Eyes: How Do We See?

portrait photo of an adult black pug

Most animals you can think of have eyes that help them process their environment. Eyes are one of the major senses of animals and without them, it is imminent that they will die in the wild. So, how does the eye work?

First, it is important to understand the anatomy of an eye. The light that is reflected off an object will first enter through the cornea. The cornea is the outer layer of your eye that helps focus light so you can see clearly. This clear layer is vital for proper vision and a deformity of the cornea will result in astigmatism (an irregular curve of the cornea).

After traveling through the cornea of the eye the light will pass directly between the iris in an area known as the pupil. The pupil is the dark center of your eye and the iris is the colored outer ring of your eye (brown, blue, etc.). The iris is responsible for adjusting to the intensity of the light. This means that if you were to look at an object that reflects a greater amount of light your pupils will constrict and limit the amount entering your eye. The opposite would happen in a dark area. This assures that the image being processed is not unseeable by brightness or darkness. A fun fact about your pupils is that both pupils will dilate and constrict together. This is called the pupillary reflex and is caused by the eyes connecting afferent (going towards the brain) nerves.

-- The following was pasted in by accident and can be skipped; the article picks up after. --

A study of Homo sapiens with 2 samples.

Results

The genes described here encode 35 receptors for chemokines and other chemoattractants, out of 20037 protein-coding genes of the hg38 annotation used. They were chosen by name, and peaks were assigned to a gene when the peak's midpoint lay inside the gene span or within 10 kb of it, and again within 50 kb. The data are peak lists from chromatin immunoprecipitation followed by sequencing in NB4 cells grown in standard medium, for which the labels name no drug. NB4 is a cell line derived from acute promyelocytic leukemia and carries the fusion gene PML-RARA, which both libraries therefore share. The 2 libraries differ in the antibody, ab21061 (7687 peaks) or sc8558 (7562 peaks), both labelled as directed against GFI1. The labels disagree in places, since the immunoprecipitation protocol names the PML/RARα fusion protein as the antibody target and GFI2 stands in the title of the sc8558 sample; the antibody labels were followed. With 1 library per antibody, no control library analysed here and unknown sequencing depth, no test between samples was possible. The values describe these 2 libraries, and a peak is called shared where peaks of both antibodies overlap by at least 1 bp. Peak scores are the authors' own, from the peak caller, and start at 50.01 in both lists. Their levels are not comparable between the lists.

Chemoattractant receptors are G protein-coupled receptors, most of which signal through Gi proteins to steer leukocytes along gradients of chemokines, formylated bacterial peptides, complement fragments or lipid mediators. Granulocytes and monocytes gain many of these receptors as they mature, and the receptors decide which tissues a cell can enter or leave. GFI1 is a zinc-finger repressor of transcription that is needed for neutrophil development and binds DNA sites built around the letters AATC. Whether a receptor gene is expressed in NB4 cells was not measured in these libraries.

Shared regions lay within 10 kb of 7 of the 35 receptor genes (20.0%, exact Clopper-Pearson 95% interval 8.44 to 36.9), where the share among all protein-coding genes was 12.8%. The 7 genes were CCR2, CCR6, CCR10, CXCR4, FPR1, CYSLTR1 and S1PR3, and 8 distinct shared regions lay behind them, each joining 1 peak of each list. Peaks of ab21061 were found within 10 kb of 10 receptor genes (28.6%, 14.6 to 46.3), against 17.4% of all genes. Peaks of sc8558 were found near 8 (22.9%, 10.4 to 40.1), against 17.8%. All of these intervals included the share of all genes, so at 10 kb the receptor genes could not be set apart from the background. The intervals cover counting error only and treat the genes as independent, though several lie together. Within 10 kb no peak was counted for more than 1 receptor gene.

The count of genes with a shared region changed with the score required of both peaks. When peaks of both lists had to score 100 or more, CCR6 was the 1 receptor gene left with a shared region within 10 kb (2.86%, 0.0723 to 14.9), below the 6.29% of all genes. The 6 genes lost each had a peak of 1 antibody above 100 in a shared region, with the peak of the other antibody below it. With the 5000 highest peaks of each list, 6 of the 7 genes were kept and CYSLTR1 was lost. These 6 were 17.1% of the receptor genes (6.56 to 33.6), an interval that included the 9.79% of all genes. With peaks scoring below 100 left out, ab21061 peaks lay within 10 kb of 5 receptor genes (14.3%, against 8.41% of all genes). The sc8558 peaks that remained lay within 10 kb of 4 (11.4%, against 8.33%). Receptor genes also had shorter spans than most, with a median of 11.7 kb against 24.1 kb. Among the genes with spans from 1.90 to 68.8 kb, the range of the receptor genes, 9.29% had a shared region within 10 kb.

After passing through the pupil the light will then be focused for a second time by the lens. This lens works in conjunction with the cornea to assure that the light hits the retina correctly. Due to the light being focused twice by the cornea and lens the light is flipped upside down at this point. This image will be inverted again later.

When the light finally passes through the lens it travels through a clear gelatinous fluid called the vitreous. The vitreous is responsible for maintaining the shape of the eye as well as preventing damage to the retina. After passing through this fluid, light is projected onto the retina. The retina contains photoreceptors called rods and cones. Rods are responsible for processing stimuli at low levels of light. They do not process color and have low spatial acuity (ability to process 2 stimuli at a close distance). The cones are responsible for processing stimuli at high levels of light. They can process color and have high spatial acuity.

These rods and cones will send afferent signals back to the brain via the optic nerve. The brain will process this information in the optic lobe and flip the image so you can see it correctly.

Published by pensmenger

I am a Biology Major attending Arcadia University. I started the company My Biology Experience in hopes to connect the Biology community on a closer level.